Monday, February 25, 2008 

Twinkle, Twinkle Little Star

Went out on my dive buddy Doc Kay's boat Saturday for a couple of dives across the sound on Blakely Rock. We finally have been getting some nice weather and Saturday was fairly warm and sunny, with calm seas. Of course we Northwesterners break out the shorts and sun-tan oil when it hits the 50's these days...

We knew it was going to be a rough morning as the tide exchange was like 12' with a 3kt current out in the middle of the sound at max. Blakely Rock has several dive sites and I knew that China Wall is quite doable on the ebb as the current runs south from the mouth of Winslow Harbor and is blocked by the rock and wall for the most part. We maneuvered in and set a stern and bow hook, as the last time we tried it the wind veered and we almost swung into the rock.

Denise had to sit this day out having had both drysuit problems and a sinus block the week before on a training dive. So it was good to know she could come get us in the inflatable if we got blown off the wall.

I was diving with Phil and Doc was going to scooter around. Unfortunately the scooter died at 20' (switch issue) and we lost track of him when he went to return it and check the hooks.

I had briefed everyone on the site, cautioning them to go due west at 60' to hit the top of the wall, any shallower and you miss it (which also happened last time). I swam down and over and hit it right on the money thank you very much.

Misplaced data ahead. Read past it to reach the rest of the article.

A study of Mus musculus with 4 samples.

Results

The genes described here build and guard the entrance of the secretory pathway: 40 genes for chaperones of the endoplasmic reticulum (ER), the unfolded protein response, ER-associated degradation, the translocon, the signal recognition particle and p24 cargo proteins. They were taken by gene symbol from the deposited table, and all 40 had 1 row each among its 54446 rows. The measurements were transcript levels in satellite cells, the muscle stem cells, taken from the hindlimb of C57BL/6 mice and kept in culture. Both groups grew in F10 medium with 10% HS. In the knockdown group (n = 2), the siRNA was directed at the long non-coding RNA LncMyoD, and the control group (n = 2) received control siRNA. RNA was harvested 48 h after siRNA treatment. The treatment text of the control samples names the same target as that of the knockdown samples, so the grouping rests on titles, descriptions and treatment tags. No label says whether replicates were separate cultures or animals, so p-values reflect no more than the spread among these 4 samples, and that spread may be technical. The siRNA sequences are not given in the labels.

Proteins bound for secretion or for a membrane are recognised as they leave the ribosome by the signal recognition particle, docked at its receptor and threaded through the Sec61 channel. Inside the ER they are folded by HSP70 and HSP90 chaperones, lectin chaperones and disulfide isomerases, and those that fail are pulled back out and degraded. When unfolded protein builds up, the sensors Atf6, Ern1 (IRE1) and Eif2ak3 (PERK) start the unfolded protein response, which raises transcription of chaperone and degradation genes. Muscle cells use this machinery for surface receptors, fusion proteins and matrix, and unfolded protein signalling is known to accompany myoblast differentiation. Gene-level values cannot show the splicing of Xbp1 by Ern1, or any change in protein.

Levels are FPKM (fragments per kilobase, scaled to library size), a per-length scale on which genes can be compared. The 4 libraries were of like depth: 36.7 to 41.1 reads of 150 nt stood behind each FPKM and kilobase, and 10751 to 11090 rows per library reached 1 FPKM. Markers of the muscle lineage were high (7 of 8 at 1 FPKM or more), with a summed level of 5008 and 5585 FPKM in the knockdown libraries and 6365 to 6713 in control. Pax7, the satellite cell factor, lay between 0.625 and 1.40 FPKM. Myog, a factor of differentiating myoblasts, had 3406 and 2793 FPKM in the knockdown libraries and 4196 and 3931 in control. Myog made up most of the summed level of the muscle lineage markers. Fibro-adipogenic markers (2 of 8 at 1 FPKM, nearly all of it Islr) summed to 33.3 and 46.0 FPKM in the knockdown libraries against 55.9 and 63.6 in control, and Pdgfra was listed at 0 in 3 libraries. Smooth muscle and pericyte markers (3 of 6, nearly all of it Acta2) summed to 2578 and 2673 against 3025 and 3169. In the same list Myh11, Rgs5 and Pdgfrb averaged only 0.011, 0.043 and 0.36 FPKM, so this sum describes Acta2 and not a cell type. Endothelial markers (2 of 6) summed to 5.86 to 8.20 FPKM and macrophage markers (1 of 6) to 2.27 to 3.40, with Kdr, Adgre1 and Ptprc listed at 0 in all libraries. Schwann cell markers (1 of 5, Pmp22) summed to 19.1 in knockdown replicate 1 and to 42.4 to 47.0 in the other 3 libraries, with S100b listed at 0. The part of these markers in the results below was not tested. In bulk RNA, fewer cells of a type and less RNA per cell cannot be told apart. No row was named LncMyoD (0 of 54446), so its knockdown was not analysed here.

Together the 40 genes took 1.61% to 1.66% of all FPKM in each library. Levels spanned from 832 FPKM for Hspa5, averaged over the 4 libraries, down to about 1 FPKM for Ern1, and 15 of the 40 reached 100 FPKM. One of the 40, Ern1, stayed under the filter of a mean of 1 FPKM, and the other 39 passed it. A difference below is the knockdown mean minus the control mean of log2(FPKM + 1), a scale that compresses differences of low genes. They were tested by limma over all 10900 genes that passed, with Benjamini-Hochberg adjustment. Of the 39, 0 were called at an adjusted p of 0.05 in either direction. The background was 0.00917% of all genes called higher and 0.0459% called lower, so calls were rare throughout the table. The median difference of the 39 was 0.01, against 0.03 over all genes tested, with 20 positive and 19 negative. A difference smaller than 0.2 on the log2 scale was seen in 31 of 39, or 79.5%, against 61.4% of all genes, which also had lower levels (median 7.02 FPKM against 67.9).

The viz was fairly crappy with the large exchange stirring things up and raining silt down on us from the top. Which suited my purposes as I was bound and determined to figure out lighting for wide angle in these conditions. I had just read an article in the new [i]Scuba Diving[/i] by Steven Frink on various lighting techniques. As I am bound for Bonaire in a month I wanted to get some practice with my Sigma 17-70 macro in a dome port. I feel I pretty much have the 60 macro down, but don't usually shoot with the Sigma much due to conditions.

Most of his advice in reducing backscatter gets boiled down to getting close and wide, having your strobes at 45 degrees (or more oblique) and lighting your subject matter - not the water column. This is one case where shooting up is not always the best idea.

There wasn't a lot of subjects, a few agitated Ling Cod on eggs, so I shot some starfish, as there was a great variety and they were colorful. One of the nice things about this lens is that you can shoot moderate macro and wide angle all on the same dive.

The second dive was at just past slack out on the outside of the rock. Even at slack there was a lot of current. Strangely it slacked as the dive went on, instead of building, leading me to believe that some sort of backeddy sets up an hour past slack.

These were all shot at about 1/60th f/7.1 with the Sigma 17-70 Macro in my Fantasea FD80 housing with 5" dome and ext ring. Two Inon 240z strobes on manual.

Created with Admarket's flickrSLiDR.

About Jack

  • Adventurer, diver, sailor, photographer, writer and sometimes graphic designer. Proprietor of Optical Ocean Sales, LLC. Enjoy the blog, check back and please leave comments!